Instead of “pretty in pink,” perhaps it should be “pugnacious in pink.”
Flamingos with brighter feathers are more aggressive than their pale counterparts when it comes to fighting for food, a new study says.
The research, published in the journal Ethology, notes the birds with brighter feathers demonstrated aggressive behavior, a sign that they are in good health and are often ready to breed. When food is available in small areas, the brighter birds are more likely to squabble and push other members of the flock around.
(Credit: University of Exeter)
“Flamingos live in large groups with complex social structures,” said the study’s lead author, Dr. Paul Rose, of the University of Exeter, in a statement. “Color plays an important role in this. The color comes from carotenoids in their food, which for lesser flamingos is mostly algae that they filter from the water.”
The researchers looked at the birds in situations where an indoor feeding bowl, a larger indoor feeding bowl and food in a large pool outside were observed. In the larger pool outside, there was less aggression seen compared to the indoor feeding bowls.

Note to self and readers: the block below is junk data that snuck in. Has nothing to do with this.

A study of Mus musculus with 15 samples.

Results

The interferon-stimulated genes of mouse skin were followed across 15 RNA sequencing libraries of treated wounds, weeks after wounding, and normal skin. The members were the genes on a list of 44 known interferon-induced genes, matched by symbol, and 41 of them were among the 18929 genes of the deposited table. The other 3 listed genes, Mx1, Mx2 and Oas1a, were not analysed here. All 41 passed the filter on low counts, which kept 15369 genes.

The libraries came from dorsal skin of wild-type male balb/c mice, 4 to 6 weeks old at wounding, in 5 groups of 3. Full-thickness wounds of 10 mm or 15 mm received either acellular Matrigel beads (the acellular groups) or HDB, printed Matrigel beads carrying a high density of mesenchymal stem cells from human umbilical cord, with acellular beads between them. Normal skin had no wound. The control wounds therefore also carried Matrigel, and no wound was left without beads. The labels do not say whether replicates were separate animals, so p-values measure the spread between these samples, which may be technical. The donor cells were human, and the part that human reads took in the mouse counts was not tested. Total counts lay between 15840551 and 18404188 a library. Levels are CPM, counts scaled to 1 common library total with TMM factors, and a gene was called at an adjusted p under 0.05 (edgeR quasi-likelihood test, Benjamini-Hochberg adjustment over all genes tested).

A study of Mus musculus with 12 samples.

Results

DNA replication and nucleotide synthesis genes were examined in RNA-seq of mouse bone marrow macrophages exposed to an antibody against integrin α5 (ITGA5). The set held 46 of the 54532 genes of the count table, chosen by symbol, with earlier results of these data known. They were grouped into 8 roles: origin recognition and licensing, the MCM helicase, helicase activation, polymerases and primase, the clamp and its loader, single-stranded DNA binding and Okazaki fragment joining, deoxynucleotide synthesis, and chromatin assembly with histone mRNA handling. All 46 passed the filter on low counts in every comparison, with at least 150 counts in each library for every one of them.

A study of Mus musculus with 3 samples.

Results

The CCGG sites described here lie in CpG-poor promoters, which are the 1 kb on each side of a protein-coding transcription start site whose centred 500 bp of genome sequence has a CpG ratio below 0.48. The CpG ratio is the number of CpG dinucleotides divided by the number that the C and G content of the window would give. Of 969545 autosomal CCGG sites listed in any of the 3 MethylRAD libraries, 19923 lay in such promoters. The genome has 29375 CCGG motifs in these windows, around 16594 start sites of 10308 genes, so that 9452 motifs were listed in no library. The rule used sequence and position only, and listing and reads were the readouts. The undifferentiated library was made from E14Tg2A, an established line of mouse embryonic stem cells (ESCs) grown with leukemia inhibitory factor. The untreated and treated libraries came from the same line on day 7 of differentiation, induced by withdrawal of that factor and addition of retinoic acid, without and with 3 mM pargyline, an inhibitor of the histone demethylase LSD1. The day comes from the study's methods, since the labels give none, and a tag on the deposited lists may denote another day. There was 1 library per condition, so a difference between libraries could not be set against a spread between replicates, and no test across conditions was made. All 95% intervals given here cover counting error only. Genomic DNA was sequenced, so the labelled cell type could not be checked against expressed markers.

“When birds have to crowd together to get their food, they squabble more and therefore spend less time feeding,” Rose added.
An unknown number of lesser flamingos at Slimbridge Wetland Center was used for the study.
Rose and the other researchers came up with a scoring system of one (mainly white) to four (mainly pink) to come up with their observations. There were no differences seen between male and female flamingoes.
“A healthy flamingo that is an efficient feeder – demonstrated by its colorful feathers – will have more time and energy to be aggressive and dominant when feeding,” Rose added.
The research has implications for zoos and bird sanctuaries around the world, although Rose admits it’s not always possible to feed these flamingos outdoors.
“Where possible, creating spacious outdoor feeding areas can encourage natural foraging patterns and reduce excess aggression,” Rose explained. “This research shows that zoos don’t have to make huge changes to how they keep their animals to make a big, beneficial difference to animal behavior.”
Fox News’ James Rogers contributed to this story.